Three key sectors of the economy produce around 13 million tonnes a year of waste which, if properly reused, recycled or remanufactured, could generate £4bn of value, according to a report from Veolia.
The report, Imagine 2050, considers how new business models in the manufacturing, pharmaceutical and chemical, and food and beverage sectors can meet resource and waste challenges during the next three decades.
These include population growth, the pressure to reduce carbon emissions and how technological advances can shape resource use.
Estelle Brachlianoff, senior executive vice-president, Veolia UK and Ireland, says the estimated £4bn “hidden” value of lost resources in these industrial sectors cannot be ignored.
“Realising this value has a double windfall: it helps businesses to manage their resources more efficiently and generates new revenue streams.
“Adopting the innovative business models outlined in Imagine 2050 needs to happen now.
”Long-term planning, minimising waste and more effectively using water, energy and raw materials will help us to meet the changing needs of a growing population in a sustainable way.
”This is at the heart of the circular economy and in Veolia’s DNA.”
The report considers each sector in turn:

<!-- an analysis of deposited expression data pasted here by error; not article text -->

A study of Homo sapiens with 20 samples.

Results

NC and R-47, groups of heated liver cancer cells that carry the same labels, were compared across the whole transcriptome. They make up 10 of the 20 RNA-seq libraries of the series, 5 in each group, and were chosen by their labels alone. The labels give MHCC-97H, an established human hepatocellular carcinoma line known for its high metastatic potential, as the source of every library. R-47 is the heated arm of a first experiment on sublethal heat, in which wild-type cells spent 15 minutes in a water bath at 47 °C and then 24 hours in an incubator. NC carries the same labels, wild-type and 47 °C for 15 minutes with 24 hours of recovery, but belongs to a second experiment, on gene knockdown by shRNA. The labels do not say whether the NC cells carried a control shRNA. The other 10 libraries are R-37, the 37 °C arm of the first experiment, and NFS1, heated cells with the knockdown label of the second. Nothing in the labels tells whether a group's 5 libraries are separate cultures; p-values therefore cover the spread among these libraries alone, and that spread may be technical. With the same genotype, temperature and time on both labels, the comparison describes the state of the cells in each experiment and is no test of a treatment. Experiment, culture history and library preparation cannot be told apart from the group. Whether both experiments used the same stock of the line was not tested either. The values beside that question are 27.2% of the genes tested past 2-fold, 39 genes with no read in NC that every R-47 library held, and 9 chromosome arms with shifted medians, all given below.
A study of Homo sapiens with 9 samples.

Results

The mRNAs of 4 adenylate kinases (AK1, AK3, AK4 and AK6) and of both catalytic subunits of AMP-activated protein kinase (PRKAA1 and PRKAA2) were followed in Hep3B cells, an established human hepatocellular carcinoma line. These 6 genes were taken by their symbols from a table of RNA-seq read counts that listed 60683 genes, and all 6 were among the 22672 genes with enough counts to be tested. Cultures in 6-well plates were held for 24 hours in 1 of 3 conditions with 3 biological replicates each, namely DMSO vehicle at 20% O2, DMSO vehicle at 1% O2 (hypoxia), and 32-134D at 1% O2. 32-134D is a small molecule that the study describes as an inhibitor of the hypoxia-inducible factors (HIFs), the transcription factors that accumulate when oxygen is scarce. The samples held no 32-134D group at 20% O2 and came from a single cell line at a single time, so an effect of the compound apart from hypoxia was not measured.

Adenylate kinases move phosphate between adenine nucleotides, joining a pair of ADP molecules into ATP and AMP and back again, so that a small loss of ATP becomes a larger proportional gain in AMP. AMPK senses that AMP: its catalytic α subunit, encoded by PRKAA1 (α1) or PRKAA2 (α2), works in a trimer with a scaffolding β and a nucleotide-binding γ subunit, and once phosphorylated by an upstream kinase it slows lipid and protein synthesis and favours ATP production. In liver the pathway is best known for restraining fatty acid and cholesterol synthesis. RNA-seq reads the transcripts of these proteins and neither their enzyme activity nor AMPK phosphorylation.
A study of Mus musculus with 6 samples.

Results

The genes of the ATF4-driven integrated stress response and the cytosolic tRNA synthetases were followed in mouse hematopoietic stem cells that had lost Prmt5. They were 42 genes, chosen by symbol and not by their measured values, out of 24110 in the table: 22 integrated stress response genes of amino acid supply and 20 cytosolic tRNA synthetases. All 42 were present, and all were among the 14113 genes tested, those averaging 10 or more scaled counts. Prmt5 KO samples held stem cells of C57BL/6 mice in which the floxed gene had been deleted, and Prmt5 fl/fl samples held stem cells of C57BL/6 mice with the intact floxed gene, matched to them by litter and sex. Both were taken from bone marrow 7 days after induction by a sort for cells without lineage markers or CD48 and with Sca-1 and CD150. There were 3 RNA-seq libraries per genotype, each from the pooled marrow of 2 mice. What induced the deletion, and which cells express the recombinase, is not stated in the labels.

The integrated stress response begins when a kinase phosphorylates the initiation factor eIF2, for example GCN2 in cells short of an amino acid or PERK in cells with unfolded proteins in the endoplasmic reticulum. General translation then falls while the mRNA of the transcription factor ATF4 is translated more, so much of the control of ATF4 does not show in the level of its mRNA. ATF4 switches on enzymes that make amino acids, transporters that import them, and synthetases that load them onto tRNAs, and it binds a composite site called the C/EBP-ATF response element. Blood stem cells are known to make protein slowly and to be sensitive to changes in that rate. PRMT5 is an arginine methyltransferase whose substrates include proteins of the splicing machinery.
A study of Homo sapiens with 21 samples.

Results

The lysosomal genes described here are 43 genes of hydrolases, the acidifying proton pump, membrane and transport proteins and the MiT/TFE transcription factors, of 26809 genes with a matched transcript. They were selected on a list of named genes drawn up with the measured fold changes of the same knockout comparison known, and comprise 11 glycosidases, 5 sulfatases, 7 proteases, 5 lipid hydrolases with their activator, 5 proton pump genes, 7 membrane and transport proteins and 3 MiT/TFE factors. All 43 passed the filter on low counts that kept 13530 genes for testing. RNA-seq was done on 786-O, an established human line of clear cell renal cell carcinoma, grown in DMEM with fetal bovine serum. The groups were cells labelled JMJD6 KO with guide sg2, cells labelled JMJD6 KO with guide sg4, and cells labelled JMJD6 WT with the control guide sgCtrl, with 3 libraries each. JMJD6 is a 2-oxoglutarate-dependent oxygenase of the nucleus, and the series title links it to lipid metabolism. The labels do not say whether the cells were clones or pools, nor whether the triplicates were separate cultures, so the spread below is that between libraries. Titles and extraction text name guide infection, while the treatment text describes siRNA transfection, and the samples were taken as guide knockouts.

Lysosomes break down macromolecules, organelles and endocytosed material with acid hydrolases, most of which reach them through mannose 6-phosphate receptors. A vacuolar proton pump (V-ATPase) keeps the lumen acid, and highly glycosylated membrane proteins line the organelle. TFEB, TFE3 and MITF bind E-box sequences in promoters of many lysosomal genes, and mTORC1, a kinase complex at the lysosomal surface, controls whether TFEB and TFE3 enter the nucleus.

- Manufacturing – £2.8bn of hidden value in unutilised waste streams by generating, using and recovering energy and water resources and being closer to raw materials to secure supply chains. By 2050, waste materials will be turned into tradeable commodities, potentially enabling 100% recovery rates. Nanotechnology and 3D printing will be embedded into supply chains, enabling more flexibility with production and more efficient use of resources.
- Pharmaceutical and chemical – £800m of hidden value in unutilised resources. Designing efficiency into products at the concept stage, while new financial models will enable medicines to be produced more efficiently. 3D printing technology could enable the production of drugs on a mass scale at a local level.
- Food and beverage – £460m of unutilised resources. Cost pressures will bring about major changes, with companies needing to reimagine the by-products currently thrown away. New technology will enable better use of energy for the sector and help to minimise costs. Cultured meats and insects will play a greater role in our diets.